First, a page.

As political handicappers weigh the impact on next year’s elections of Senator Jim Webb’s decision not to seek a second term, this much is certain: His departure will leave the Senate a less interesting place.
Webb is an original: Annapolis graduate, decorated Marine veteran of Vietnam, acclaimed novelist, Secretary of the Navy under Ronald Reagan and, following his improbable 2006 victory, Democratic Senator from Virginia.
Improbable not just because he started way behind, but also because he had previously been a Republican; because this erstwhile warrior rode a tide of anti-war sentiment to victory; and, because he is anything but a natural politician. A private, self-contained man, Webb does not lust for the limelight or feed on public adoration. He doesn’t like to press the flesh or ask fat cats for money. He is essentially a writer whose political model was the late intellectual-turned-legislator, Daniel Patrick Moynihan.
While marching to his own beat, Webb has quietly made his mark in the Senate over the past four years. He successfully pushed an expansion of G.I. Bill-style benefits for veterans, and drawn attention to an issue that isn’t on the nation’s political radar but should be: America’s overstuffed prisons and indiscriminate sentencing policies that lock up too many non-violent offenders. Following his own passions, Webb has specialized in foreign affairs, focusing especially on East Asia.
Also like Moynihan, Webb’s outlook has been shaped by a strong ethnic consciousness. Just as Moynihan drew on his Irish background in his studies of the ethnic melting pot, Webb, in Born Fighting and other books, has chronicled the Scots-Irish experience in America. Settled on the America frontier, Scots-Irish Protestants pushed relentlessly westward, battling Indians (and Mexicans) along the way. They form the core of a genuine warrior culture that, argues German writer Josef Joffe in Uberpower: the Imperial Temptation of America, has mostly disappeared from Europe but remains a key element of American exceptionalism.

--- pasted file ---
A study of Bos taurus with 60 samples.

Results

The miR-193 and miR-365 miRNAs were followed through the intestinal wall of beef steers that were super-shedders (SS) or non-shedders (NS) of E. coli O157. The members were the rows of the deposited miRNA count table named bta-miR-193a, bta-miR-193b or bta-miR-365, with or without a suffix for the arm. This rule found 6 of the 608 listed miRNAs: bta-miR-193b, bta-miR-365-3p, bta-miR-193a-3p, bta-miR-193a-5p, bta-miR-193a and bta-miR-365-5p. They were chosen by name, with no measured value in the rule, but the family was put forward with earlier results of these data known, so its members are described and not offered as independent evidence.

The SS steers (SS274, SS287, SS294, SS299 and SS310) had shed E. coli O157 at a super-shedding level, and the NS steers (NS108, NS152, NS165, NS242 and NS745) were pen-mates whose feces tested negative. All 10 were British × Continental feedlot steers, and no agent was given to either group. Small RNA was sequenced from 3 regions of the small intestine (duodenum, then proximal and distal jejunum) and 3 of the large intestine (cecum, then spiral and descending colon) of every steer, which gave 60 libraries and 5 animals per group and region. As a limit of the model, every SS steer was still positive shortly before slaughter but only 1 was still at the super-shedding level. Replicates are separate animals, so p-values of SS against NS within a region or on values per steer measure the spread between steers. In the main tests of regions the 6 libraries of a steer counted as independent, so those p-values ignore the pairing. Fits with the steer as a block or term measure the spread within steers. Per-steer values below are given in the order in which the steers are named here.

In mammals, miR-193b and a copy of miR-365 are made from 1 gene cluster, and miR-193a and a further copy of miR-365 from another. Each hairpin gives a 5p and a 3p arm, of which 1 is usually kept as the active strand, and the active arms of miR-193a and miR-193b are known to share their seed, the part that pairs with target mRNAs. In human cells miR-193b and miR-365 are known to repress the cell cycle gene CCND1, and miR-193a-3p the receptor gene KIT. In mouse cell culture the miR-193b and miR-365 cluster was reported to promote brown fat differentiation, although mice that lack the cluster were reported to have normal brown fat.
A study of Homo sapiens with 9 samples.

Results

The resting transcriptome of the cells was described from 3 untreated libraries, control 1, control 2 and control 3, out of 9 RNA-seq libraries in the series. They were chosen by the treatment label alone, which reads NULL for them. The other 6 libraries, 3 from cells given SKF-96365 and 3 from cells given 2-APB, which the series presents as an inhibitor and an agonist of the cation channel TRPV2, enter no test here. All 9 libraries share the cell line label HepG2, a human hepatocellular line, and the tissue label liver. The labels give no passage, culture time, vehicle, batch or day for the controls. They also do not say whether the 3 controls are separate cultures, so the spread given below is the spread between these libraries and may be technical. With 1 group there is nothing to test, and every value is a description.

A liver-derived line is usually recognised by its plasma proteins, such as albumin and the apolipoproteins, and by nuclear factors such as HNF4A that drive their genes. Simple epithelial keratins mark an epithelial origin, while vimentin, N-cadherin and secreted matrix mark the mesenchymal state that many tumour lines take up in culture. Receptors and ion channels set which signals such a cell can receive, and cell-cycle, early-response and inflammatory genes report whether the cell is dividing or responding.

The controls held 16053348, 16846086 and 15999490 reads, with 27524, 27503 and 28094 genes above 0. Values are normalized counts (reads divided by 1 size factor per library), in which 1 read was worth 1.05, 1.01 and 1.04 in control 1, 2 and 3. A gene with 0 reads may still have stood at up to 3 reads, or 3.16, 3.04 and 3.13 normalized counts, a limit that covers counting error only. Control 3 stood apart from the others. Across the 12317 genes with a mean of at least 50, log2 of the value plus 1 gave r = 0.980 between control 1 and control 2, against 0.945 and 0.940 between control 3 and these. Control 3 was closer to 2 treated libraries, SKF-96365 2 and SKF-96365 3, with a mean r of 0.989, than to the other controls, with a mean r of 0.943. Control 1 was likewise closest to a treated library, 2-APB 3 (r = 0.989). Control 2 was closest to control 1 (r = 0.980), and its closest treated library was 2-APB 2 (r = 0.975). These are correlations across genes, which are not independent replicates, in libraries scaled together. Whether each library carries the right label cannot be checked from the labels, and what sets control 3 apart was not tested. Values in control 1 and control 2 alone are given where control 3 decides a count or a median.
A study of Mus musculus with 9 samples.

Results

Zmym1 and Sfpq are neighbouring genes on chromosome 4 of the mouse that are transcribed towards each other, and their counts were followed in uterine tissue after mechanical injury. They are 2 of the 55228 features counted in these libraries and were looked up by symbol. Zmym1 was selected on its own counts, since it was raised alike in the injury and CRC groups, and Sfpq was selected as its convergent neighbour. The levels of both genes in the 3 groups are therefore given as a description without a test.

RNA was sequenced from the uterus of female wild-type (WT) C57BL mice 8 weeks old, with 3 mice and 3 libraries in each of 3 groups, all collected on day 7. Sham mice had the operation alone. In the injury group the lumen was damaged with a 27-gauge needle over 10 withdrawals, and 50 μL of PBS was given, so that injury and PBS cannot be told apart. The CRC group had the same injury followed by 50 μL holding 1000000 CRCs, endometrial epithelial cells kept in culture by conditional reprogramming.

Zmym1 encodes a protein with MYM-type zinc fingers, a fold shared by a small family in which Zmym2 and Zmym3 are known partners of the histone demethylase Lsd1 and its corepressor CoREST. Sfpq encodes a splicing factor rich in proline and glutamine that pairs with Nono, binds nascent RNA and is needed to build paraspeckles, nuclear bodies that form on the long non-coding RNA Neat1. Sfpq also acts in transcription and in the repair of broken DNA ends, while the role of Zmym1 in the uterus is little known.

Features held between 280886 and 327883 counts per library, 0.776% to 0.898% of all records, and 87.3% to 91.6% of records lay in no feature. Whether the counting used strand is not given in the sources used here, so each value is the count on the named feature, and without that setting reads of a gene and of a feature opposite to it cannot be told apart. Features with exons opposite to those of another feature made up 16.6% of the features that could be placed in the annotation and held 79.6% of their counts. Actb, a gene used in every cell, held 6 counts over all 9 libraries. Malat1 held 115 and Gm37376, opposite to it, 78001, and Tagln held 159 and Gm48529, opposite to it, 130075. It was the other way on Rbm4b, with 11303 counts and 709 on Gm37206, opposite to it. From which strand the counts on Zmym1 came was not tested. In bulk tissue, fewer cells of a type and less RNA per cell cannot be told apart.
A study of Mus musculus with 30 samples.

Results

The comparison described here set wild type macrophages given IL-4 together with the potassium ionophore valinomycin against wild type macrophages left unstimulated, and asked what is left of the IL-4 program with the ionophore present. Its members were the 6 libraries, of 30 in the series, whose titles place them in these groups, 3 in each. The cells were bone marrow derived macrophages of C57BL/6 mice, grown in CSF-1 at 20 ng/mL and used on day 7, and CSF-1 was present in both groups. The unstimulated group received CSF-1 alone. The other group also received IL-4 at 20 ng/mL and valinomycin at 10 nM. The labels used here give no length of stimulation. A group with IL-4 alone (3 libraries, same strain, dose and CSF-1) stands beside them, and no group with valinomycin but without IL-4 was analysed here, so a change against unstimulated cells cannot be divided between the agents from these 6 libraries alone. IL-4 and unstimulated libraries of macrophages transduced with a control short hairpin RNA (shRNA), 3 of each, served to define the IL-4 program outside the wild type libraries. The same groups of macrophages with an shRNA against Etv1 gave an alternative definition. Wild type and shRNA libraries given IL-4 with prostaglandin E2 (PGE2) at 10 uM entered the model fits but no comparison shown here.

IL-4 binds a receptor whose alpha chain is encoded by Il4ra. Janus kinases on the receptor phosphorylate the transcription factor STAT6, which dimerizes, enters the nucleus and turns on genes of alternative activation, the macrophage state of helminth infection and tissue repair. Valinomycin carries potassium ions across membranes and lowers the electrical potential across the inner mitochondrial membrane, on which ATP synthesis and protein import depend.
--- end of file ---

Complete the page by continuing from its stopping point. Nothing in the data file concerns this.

Webb’s departure will be a significant political loss for Democrats, but not because it may put his Senate seat in jeopardy. More fundamentally, Webb is a rarity in today’s contemporary Democratic Party: a leader with an intuitive feel for the interests and values of white working class voters. Once the mainstay of the progressive New Deal coalition, their defection to the Republicans led to a generation of GOP ascendancy in national politics.
More than most Democrats, Webb has thought hard how about to win them back. He has chided his party for exhibiting anti-military attitudes, and for pushing economic policies that favor elites who profit from globalization to the detriment of working families, whose incomes have stagnated as good jobs have vanished over the last two decades. Bravely, he has taken on the “diversity” industry that promotes group preferences in hiring, government contracting and college admissions, even for recent female and minority immigrants who can by no stretch of the imagination be classified as victims of U.S. racism.
As it happens, the modern Democratic Party emerged under Andrew Jackson, America’s first Scots-Irish President. The “democracy” as it was often called was the party of ordinary people, while the Whigs represented economic and social elites. Much of middle America now feels estranged from the party of the people.
That’s an existential dilemma for progressives, not just a political problem. Jim Webb understands that, which is why I’m sorry to see him go.